ROME – Before James Serour went to board-certified ophthalmologist John Costello, Jr., DO, he had trouble even seeing the chart on the wall during eye tests. “I couldn’t even see the first letter “E” on the chart,” he said.
Serour, 56, wore “coke bottle” glasses in order to see distance before Dr. Costello performed intraocular lens implant surgery on his eyes. “It’s like night and day,” he said. “I was so nearsighted that without glasses, everything was a blur. I would wake up at night and I couldn’t even see the clock,” he added.
Dr. Costello is the first ophthalmologist in the Mohawk Valley to offer the collamer intraocular lens implant surgery, an outpatient procedure performed at Rome Memorial Hospital. Serour was his first patient to receive the implanted lenses.
A pharmacist who resides in Marcy, Serour said that he wore contact lenses for many years and that his eyes would dry out. “I could never get the sight I wanted with contact lenses,” he said. “I wanted better sight.”
Serour was surprised at the immediate impact of the surgery. He said that he was prepped for surgery with anesthetic eye drops and that “surgery was done within a half hour. I could see the difference right away,” he said. “It was amazing how there was a difference in my eye sight in such a short time.”
Adults who are not candidates for LASIK surgery now have this surgery as another option to correct severe nearsightedness and rid themselves of dependence on glasses for distance, according to Dr. Costello.
“Through collamer intraocular lens implant surgery, we can dramatically improve the vision in patients with extreme nearsightedness who are not candidates for LASIK surgery,” he explained. These patients are forced to wear thick glasses or contact lenses and are essentially blind without glasses unless this type of surgery is performed, said Dr. Costello. These patients are usually not candidates for LASIK because their corneas are too thin to allow for this surgery to take place, he added.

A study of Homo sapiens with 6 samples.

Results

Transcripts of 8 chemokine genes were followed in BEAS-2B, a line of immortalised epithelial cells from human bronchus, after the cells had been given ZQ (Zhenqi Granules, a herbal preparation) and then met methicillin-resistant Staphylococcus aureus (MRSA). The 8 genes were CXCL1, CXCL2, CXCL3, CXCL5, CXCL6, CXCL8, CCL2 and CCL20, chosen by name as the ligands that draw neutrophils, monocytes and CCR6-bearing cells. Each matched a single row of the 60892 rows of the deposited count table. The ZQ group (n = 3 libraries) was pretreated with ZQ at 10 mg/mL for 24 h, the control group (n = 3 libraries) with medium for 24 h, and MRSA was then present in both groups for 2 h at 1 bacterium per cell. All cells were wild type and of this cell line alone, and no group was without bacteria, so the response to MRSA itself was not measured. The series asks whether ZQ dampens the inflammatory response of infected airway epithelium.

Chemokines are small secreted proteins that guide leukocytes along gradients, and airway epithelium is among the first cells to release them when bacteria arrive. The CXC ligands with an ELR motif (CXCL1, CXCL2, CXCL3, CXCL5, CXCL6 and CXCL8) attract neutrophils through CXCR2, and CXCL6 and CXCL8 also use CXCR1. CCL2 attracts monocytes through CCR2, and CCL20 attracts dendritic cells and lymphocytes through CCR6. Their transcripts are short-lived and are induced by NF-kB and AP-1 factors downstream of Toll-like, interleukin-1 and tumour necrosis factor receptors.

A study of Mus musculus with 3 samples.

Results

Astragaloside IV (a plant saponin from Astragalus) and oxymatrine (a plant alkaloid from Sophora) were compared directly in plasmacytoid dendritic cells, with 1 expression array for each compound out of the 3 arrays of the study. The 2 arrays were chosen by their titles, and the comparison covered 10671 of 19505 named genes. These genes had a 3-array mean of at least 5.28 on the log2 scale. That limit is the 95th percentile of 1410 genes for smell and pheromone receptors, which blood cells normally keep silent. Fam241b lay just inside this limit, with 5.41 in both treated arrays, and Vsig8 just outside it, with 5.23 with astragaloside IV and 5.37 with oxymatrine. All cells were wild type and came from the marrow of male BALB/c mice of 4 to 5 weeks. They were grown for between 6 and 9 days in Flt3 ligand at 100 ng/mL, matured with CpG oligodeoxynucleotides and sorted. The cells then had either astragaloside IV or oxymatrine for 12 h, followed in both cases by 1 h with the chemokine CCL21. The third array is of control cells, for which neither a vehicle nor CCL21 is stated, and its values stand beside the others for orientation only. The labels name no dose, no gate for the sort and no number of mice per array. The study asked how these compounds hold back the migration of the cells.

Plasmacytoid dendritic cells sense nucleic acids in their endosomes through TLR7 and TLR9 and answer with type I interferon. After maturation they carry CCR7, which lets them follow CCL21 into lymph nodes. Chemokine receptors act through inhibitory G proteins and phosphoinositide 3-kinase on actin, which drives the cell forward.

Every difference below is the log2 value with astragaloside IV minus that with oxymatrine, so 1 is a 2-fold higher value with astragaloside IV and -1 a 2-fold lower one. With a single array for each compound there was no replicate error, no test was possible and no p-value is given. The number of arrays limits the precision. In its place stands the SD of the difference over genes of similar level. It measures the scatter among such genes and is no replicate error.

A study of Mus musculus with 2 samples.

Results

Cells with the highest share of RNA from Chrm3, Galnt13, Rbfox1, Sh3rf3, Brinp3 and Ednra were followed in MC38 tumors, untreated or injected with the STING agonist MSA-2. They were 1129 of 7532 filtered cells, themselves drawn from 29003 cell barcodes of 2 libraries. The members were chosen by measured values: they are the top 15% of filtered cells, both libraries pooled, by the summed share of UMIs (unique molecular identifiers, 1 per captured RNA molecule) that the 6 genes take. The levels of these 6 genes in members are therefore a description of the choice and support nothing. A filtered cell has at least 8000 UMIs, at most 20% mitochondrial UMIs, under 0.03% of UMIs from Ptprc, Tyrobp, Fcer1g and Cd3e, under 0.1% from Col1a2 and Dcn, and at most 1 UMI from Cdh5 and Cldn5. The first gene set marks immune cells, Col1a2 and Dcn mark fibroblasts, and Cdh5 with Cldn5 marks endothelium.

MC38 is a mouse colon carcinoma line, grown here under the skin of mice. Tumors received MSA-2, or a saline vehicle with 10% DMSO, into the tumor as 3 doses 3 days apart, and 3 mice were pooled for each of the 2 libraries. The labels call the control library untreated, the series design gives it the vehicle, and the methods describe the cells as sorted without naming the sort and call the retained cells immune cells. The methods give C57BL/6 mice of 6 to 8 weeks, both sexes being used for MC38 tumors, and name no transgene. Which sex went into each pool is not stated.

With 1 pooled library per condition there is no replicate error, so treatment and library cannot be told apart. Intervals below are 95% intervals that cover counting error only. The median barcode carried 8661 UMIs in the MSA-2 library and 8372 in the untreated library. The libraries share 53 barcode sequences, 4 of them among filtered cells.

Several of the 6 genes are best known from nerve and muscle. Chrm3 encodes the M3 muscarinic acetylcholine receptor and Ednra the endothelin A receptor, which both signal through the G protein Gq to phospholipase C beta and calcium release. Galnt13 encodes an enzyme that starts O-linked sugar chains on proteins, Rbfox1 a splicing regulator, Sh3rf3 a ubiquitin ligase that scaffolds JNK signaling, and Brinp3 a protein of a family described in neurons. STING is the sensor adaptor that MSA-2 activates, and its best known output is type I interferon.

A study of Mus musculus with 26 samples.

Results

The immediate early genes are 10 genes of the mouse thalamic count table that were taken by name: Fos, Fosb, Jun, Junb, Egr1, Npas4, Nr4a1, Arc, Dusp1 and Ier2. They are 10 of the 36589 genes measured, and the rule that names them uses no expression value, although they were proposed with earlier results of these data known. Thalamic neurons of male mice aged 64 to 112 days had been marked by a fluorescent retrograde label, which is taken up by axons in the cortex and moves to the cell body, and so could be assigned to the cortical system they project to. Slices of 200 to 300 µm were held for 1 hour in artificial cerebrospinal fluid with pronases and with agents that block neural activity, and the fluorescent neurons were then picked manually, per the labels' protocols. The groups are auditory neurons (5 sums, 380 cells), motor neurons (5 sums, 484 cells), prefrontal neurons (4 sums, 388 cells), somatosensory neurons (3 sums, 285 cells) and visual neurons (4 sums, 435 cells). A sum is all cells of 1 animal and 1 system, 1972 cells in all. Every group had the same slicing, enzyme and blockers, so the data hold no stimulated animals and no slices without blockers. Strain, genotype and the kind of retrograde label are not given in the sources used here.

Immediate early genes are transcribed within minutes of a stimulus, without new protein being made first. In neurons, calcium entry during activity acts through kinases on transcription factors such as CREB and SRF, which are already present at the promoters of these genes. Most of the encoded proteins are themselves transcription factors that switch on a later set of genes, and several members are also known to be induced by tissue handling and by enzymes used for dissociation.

Collamer intraocular lens implant surgery involves inserting a Visian implantable collamer lens – otherwise known as an ICL – through a tiny incision in the cornea. The surgery takes about eight minutes and is performed using only anesthetic eye drops. The patient can see clearly immediately following the surgery.
“This is leading edge technology,” said Dr. Costello. “It is very similar to cataract surgery and involves implanting an ICL lens behind the pupil but in front of the patient’s natural lens. It’s almost like inserting a contact lens in your eye that is permanent. If a patient needs cataract surgery down the road, it is easily removed,” he added.
Twenty-two year old Alex Aboussleman – whose eyesight prior to the ICL surgery was worse than 20/200 in each eye – now has better than 20/20 vision in both eyes. “I wore thick glasses since kindergarten,” he said. “The last few years, I wore contact lenses but my eyes would get very dry,” he added.
The New Hartford resident had a strong motivation for wanting to have the surgery done. “I am trying to get into the border (Mexican) patrol and I was way below their vision requirements,” said the recent SUNY at Potsdam criminal justice graduate. “I have wanted to be in federal law enforcement since third grade,” he added.